I’ve always been a mermaid at heart. With wild hair and the beach in my backyard growing up, even my DC coworkers could tell that on hot summer days, seeing Hope in the city was like seeing a fish out of water. Recently, I have had the opportunity to re-embrace this side of me because my husband and I moved to Virginia Beach. I now get to create change for food and nutrition clients with a view of the ocean and it got me thinking- what can the deep blue teach us when it comes to eating well and sustainably?

Being the food and nutrition wonk that I am, I have heard some rumblings on blogs and podcasts like the BBC’s Food Programme about the promise the sea might hold for a food source beyond seafood.  And, as a dedicated seaweed consumer, I was all ears.

After far too many hours spent in endless click-holes of internet searches, I made a discovery. I believe sea vegetables are going to be the new kale. No, no- not sea cucumbers. They are kind of scary. I am talking sea weeds, sea kelps, sea mosses- seagreens, as Chef Barton Seaver likes to call them.

I know it is a big claim. And some may not fully agree. But, do you remember when kale was simply the garnish on your plate? Now it is the star of the show in salads, soups, and even smoothies. It is one of the greatest examples of the food version of #GlowUp, if you ask me. Sea vegetables have all the makings of the next nutrient-dense green that everyone craves.

A little unsure about chowing down on the green stuff that washes up on shore? Here are my top five reasons why I believe sea veggies are the future:

  • They are easy to grow. Growing seaweed, for example, requires no watering, no fertilizer, no tending to, and it grows quickly. Grow an indigenous type, and you will actually be improving the ecosystem as seaweed cleans the water helping to prevent algae blooms. It also thrives in the winter months.


  • They are sustainable. Sea vegetables are sustainable for the environment and can be used as a tool to feed a growing population. As Kate Burns, Managing Director of Islander Kelp and kelp farming advocate, has explained, it is important to consider that the short growing time for kelp, for example, could be a strategy to feed more people sustainably in the future. And, if you talk to Severine von Tscharner Fleming in Maine where seaweed farming is big, she will tell you it will yield literally tons more product than other types of aquaculture, such as salmon farming.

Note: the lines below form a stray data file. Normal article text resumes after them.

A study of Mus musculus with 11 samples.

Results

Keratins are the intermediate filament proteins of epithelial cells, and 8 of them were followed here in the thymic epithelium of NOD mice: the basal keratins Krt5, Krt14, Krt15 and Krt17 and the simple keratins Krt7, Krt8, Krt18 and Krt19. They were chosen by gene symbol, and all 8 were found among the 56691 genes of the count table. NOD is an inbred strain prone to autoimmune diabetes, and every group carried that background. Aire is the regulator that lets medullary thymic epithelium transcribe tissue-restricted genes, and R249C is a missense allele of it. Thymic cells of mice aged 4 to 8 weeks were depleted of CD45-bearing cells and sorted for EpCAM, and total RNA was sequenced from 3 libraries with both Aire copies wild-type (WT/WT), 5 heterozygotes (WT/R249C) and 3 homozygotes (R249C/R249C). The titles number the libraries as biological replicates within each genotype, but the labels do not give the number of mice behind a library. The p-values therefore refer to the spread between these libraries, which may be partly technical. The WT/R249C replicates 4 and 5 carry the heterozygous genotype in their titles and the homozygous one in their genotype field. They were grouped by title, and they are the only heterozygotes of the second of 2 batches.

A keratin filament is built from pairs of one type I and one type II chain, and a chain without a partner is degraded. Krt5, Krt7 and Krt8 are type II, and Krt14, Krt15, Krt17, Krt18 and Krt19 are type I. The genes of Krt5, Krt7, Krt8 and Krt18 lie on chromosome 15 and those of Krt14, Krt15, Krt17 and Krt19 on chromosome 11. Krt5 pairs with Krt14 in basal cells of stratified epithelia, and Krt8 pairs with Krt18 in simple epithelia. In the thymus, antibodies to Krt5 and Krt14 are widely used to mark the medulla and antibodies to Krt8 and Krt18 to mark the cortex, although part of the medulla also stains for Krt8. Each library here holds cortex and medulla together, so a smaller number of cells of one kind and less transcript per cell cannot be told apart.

• They are tasty. Some may say the ocean flavor is a turn off, but I encourage you to remember the first time you accidentally bit down on kale garnish- yuck. We had to learn how to cook, prepare and enjoy kale, and the same will be true of sea vegetables. In the last three years, researchers even discovered a red seaweed called dulse grown in the wild along the Pacific and Atlantic coastlines that tastes like bacon. BACON.


  • They are nutrient-packed. Sea vegetables can hold their own on the healthy scale. We are talking Vitamin C, iron, and iodine. Sea vegetables also contain polyphenols, which are micronutrients like the hesperidin in orange juice or resveratrol in red wine, which have anti-inflammatory properties. Sea veggies even contain some molecules, such as sulfated polysaccharides, that could be particularly good for heart health. Naturally salt-free and free of carbohydrates and fat, sea vegetables could be just the healthy ingredient meals have been missing.


  • They’ve got serious trending potential. Seaweed and sea veggies are no longer confined to the dried seaweed snacks at your local Asian food market- they are making it onto Michelin-star menus. Tucked away in the Faroe Islands is a restaurant named Koks which prides itself on being able to use local ingredients, including sea vegetables harvested on the cliff just below the dining room. Rumor has it visitors from all over the world are flocking to this tiny coastal town just to try these dishes.


Scrolling through images of sea kelp and seaweed, I found myself sounding more and more like the Little Mermaid- “look at this stuff! Isn’t it neat?” Nothing excites us more at Porter Novelli than the opportunity to help inspire positive change, and when it comes to healthy eating, I think sea vegetables are well on their way to taking the lead.